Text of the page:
Formations lesson for June 30- The Shema - A Nation-s Call to Devotion
June 14 2002 by Haven Parrott , Deuteronomy 6:1-25

Formations lesson for June 30: The Shema - A Nation's Call to Devotion | Friday, June 14, 2002

Friday, June 14, 2002

Formations lesson for June 30: The Shema - A Nation's Call to Devotion

By Haven Parrott Deuteronomy 6:1-25

Lincoln's Emancipation Proclamation set the black man free, legally, from the scourge of slavery.

In The Civil War, author Shelby Foote said of that document which, theoretically, became effective January 1, 1863: "The word spread from Capitol Hill out across the city, down into the valleys and fields of Virginia and the Carolinas, and even into the plantations of Georgia and Mississippi and Alabama. 'Slavery Legally Abolished!' read the headlines, and yet something amazing took place. The greater majority of the slaves in the south went right on living as though they were not emancipated. Throughout the period of reconstruction, the Negro remained locked in a caste system of race etiquette as rigid as any have known in formal bondage, and every slave could repeat with equal validity what an Alabama slave had mumbled when asked what he thought of the great emancipator whose proclamation had gone into effect: 'I don't know nothin' 'bout Abraham Lincoln, 'cep they say he sot us free. And I don't know nothin' 'bout that neither.' How tragic! A war was being fought, a document had been signed, slaves were legally set free, and yet most continued to live out their years - and many of their children, some of their years - in fear, saying, 'I don't know nothin' 'bout that neither.' In a context of freedom, slaves chose to remain slaves. Even though emancipated, they kept serving the same master throughout their lives."

Unfortunately, it wasn't the first time in history that freed slaves chose to remain in bondage . . .

They say he sot us free . . .

Three thousand years earlier, the Hebrews lived out a similar tragedy. Through the blood of the Passover lamb, the Great Emancipator provided their deliverance from Pharaoh's oppression. Though the entire fledgling nation left Egypt physically, many among the multitude stayed behind mentally. These were those who grumbled as they gathered manna, whined as they gulped water from the rock, and complained as they contemplated the cloud.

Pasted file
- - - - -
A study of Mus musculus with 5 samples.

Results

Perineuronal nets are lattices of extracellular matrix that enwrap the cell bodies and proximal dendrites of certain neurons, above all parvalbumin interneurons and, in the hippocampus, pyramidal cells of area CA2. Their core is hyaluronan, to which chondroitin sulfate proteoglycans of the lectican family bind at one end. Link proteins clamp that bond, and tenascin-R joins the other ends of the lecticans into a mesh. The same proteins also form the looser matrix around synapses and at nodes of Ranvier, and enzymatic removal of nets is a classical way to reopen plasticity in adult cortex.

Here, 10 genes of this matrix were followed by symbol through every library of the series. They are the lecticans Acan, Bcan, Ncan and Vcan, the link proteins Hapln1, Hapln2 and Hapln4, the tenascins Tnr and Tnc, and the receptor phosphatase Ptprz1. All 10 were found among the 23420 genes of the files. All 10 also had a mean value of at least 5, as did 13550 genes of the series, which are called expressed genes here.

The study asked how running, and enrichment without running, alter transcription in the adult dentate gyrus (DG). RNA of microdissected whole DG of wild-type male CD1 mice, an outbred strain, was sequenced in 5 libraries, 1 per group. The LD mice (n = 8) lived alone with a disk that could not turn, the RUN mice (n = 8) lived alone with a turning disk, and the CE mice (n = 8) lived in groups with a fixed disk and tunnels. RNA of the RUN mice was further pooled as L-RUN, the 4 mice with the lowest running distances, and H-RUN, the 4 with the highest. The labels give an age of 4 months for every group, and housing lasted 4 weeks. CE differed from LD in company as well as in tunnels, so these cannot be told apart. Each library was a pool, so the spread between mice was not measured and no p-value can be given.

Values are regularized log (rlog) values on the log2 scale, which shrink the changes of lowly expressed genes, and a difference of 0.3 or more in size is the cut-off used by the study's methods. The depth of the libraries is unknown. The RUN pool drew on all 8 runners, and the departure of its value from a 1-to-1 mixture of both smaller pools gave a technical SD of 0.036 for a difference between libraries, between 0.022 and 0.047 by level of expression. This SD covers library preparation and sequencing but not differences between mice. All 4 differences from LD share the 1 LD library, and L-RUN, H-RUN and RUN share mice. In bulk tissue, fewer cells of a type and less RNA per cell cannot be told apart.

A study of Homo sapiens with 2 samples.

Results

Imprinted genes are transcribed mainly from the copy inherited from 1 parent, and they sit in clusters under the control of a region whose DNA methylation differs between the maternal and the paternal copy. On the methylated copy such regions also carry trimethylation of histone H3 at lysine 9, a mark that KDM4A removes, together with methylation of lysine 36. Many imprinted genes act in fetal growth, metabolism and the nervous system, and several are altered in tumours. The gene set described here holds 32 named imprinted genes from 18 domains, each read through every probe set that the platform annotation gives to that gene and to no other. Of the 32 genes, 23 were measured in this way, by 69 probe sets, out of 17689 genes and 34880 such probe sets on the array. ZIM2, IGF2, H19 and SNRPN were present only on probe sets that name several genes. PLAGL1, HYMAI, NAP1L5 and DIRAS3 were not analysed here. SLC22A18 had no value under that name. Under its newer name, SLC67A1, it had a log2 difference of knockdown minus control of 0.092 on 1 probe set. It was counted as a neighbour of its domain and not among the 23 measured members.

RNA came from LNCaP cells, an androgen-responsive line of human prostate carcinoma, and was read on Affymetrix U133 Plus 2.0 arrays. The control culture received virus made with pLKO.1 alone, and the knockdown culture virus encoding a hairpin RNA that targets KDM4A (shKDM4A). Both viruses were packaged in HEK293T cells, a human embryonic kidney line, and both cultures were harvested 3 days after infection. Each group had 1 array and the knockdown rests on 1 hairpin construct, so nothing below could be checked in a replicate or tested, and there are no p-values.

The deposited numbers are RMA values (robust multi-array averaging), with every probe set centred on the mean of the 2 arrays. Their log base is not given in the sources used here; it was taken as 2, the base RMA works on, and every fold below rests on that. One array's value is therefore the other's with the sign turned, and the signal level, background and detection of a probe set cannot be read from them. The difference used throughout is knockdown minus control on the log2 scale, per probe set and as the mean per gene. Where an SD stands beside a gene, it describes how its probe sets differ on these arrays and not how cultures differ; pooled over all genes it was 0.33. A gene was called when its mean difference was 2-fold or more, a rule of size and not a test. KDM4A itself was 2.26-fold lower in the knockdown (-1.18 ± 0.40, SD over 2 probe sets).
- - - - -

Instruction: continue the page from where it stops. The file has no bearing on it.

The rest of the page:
Forty years of contending with those of stiff necks and short memories motivated Moses' message in Moab. His prescription for preserving the gift of freedom, salvation from slavery, was simple and profound: "Love the Lord your God with all of yourself - heart, soul, and mind. Prize no one and no thing above the knowledge of and communion with your Savior. Bind yourself to the One who set you free. And make sure you teach your children daily about the deliverer's deliverance so they can never claim that they "don't know nothin' 'bout that." Discipline yourselves to be devoted to Him, or you'll find yourselves being disciplined by Him."

But the Hebrews forgot to remember, and it wasn't long before they began to look more like the surrounding culture than the sovereign Creator.

Tragically, the nation that had been so gloriously set free eventually found itself in Babylonian bondage. And although their disobedience could not negate their identity as God's covenant people, it surely affected their fellowship with Him, their enjoyment of His blessings, and their ability to accurately advertise Him to the nations.

Don't know nothin' 'bout that . . .

Hundreds of years later, the apostle Paul communicated an obvious observation as he echoed Moses' message with a Messianic twist: "It was for freedom that Christ set you free" (Gal. 5:1). Christians have been set free from sin's power of enslavement in order that we might walk free of it, not wallow around in it.

Enjoyment of that freedom requires from us what it required from the Israelites: that we prize the knowledge of Christ above the desire to cater to the culture. Our disobedience to that precept cannot negate our identity as God's covenant people, but it surely affects our fellowship with Him, our enjoyment of His blessings, and our ability to accurately advertise Him to the nations.

Let us, whose freedom has been purchased by the blood of the Passover Lamb, purpose to never live as if we don't know nothin' 'bout that.